Privileged Access: The Root of Your Next Breach?

The recent cybersecurity breach at Anthem, Inc. has been classified as one of the largest breaches ever of customer information. Despite Anthem’s status as a healthcare powerhouse with over $2.6 billion in revenue last year, it only took one privileged account to introduce a security breach that affected 80 million customers.

Organizations that have experienced a security breach have most likely accrued countless unanticipated costs associated with breach containment, crisis management, reputational damage, investigations and forensics, customer compensation, damaged system replacements, lawsuits and other penalties. With the proliferation of recent data breaches, organizations cannot afford to avoid securing one of their most powerful assets: the privileged user.

A privileged user is a user that is authorized (and therefore, trusted) to perform security-relevant functions that ordinary users are not authorized to perform. These security-relevant functions vary but could include activities such as: key management, account management, network and system administration, database administration, and web administration. In Anthem’s case, once the privileged users’ credentials were compromised, there was no way (including encryption) to stop the attack. The rest is history.

Privileged accounts pose more risk to organizations because they can breach personal data, complete unauthorized transactions, cause denial-of-service attacks (DOS), attempt to make a machine or network resource unavailable to its intended users, or alter audit trails.

Could your organization be susceptible to the same type of breach? There are several risks and recommendations to consider when it comes to assessing whether or not your organization could be susceptible to a privileged access breach:

1. Is there a formal process to manage privileged access rights?

If your organization does not have a formal IT Risk Management process to manage privileged access rights, then you’re even more susceptible to a security breach. It’s recommended that the privileged access rights associated with each system or process be identified prior to assigning privileged access rights to users based on a “need- to-know” basis that is commensurate with job function. Privileged access should be reviewed regularly in order to verify that the allocated access is appropriate in relation to a user’s responsibilities. Any changes in the privileged user’s job functions or business reasons should prompt associated access review, and any excessive access rights should be removed promptly.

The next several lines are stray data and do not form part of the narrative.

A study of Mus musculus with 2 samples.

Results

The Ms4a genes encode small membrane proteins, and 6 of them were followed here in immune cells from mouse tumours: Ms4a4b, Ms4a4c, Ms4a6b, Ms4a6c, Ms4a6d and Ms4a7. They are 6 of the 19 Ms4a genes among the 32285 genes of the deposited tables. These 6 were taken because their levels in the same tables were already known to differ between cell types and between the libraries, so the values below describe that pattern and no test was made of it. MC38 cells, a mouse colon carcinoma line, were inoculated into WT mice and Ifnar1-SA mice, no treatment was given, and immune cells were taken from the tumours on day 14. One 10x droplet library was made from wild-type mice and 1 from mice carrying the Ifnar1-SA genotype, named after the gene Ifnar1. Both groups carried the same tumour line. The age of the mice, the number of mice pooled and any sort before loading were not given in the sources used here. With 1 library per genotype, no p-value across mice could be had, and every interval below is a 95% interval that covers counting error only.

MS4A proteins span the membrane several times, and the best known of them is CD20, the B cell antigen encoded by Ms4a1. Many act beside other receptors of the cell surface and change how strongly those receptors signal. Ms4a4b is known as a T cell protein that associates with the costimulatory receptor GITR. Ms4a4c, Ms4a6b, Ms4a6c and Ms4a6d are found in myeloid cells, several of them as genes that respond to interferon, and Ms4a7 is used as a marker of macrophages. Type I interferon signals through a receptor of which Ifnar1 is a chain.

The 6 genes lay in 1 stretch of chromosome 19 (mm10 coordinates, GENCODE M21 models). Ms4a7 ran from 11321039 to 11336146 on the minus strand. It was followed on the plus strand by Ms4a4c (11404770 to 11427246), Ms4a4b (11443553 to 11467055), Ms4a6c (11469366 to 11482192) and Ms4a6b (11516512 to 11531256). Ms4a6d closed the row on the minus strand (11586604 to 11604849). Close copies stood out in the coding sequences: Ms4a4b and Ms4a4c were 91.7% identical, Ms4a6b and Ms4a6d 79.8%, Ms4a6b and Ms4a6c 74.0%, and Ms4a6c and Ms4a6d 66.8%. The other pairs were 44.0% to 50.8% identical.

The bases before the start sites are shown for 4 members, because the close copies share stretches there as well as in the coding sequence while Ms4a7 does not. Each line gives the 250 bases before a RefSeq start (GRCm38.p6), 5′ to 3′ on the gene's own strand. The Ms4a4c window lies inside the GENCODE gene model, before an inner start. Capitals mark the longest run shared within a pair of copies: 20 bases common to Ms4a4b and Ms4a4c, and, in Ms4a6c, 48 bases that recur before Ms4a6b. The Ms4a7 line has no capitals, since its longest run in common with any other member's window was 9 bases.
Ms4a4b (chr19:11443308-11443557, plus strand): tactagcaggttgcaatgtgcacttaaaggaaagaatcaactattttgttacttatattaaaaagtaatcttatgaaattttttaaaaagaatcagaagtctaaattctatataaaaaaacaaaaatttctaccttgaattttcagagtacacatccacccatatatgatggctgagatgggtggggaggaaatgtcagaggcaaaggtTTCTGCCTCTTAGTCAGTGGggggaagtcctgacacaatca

2. Do your systems require strong passwords for all privileged access?

The system should require strong passwords for all privileged access and should require password updates on a regular basis. There are many privileged accounts that come with a default user name and password that could be considered common knowledge outside of the organization (such as vendor-set passwords), or at least searchable on Google. Passwords should be changed to require a minimum of at least seven characters consisting of both numeric and alphabetic characters. Even strong passwords should be updated on a regular basis to reduce the risk of too many individuals knowing the passwords, including individuals that have left an organization. Many companies don’t stop just there; some adopt multi-factor authentication technologies that do not only require passwords, but also incorporate the use of tokens and biometrics.

3. Does your organization have the capability to monitor the actions performed using privileged access?

In the Anthem example, ultimately the breach was able to be contained once an administrator noticed that his credentials had been compromised. This is why it is essential that your organization has a process for monitoring privileged access and alerting the appropriate stakeholders of changes.

Your organization should monitor transactions such as:

    • Log-ins to privileged accounts
    • Activities that took place in concurrent sessions
    • The elevation to privileged access (including traceability to the user account that performed the elevation)
    • Attempts to access deactivated accounts
    • The addition of new privileged accounts

Stakeholders could include but are not limited to the user, management and system administrators, depending on the structure of your organization. Monitoring the use of privileged functions is one way to detect misuse and help prevent the risks posed by both inside and outside threats.

Security breaches are far from being a thing of the past. However, your organization can put some of the risks associated with privileged accounts behind you by taking the necessary precautions above.